Tech sanctions have hit Russia harder than expected, Biden official says

Working with allies, the Biden administration imposed sweeping export controls aimed at cutting off Russia’s access to semiconductors and other technology goods needed to run military operations and a modern economy. That includes the use of the Commerce Department’s Foreign Direct Product Rule, which bars exports from third countries if they are made using controlled US technologies.

Feeling the squeeze: “The Ukrainian government reports that Russia’s two major tank plants have halted work due to lack of foreign components,” Kendler said. “Even Russian car maker Lada has shut down production as US and partner countries’ export controls have deprived the company of necessary parts and supplies.”

In two other examples, Baikal Electronics — a Russian semiconductor company and computer manufacturer — has been cut off from the integrated circuits it needs to support its domestic communications equipment, while Taiwanese company TSMC’s exit from the Russia market has deprived Moscow of access to “Elbrus chips” widely used in Russian intelligence and military systems, Kendler added.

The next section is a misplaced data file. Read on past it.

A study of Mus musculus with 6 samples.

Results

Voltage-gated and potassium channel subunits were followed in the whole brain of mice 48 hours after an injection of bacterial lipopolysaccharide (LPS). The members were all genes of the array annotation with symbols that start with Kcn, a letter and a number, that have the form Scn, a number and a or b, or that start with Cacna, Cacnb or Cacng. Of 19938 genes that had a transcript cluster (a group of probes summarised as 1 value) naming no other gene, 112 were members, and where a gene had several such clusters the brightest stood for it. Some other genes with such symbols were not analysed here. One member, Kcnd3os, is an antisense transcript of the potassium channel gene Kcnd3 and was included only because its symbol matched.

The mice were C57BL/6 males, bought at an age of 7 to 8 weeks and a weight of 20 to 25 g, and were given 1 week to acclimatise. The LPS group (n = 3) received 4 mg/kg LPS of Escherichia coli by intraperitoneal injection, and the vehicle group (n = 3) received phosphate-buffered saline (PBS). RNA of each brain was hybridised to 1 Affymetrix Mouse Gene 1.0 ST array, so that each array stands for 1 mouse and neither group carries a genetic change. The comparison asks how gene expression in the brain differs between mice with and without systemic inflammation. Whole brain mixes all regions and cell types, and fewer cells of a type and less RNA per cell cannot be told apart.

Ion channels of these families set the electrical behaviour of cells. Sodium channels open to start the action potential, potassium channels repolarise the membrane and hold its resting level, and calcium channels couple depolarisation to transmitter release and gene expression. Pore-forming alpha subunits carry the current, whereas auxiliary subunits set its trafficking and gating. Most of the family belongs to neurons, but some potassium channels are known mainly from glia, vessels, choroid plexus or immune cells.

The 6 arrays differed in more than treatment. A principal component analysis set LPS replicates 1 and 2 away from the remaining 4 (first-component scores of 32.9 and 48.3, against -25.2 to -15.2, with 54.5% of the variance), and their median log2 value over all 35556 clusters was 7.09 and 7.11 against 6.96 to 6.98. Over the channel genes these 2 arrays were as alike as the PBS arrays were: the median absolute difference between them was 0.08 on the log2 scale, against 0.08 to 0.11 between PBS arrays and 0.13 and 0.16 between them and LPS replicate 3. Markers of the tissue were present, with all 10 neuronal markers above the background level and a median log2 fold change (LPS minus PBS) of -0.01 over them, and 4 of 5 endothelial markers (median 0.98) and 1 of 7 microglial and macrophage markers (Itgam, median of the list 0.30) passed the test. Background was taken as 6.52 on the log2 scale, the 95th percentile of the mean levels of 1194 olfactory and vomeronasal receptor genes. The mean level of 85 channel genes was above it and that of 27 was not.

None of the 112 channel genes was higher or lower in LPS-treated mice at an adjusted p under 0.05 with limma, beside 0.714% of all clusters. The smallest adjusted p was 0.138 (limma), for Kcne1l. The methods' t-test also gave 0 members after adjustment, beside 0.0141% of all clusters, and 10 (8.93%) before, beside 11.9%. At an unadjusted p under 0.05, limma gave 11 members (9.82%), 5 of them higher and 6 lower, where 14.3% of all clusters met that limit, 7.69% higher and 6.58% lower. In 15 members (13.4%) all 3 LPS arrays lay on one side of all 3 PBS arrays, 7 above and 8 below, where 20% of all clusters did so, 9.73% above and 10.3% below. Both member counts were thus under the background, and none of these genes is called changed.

The United States accounted for only about 5 percent of Russia’s total imports prior to the war, which is why the US needed to work with the European Union, Japan and other allies to implement similar restrictions on technology trade with Russia.

“When you add the European Union and the other countries that are in the coalition we have built over the last month, we account for roughly 50 percent of Russia’s imports,” Kendler said. “Walking this path alone would not have been nearly as effective.”

More Russian aircraft targeted, others removed: The Commerce Department on Tuesday also put the owners of 73 more airplanes on notice that they appear to have violated US export controls by flying into Russia. It also took another 12 planes off the list of 100 that were initially targeted by the department on March 18.

Commerce officials said the earlier notification prompted several companies to submit voluntary disclosures regarding possible export control violations and to request permission to engage in activities that may otherwise be prohibited.

As a result, the department’s Bureau of Industry and Security “granted these authorizations in order to allow these aircraft to leave Russia, thereby preventing the Russian government from maintaining operational control over the aircraft,” the department said.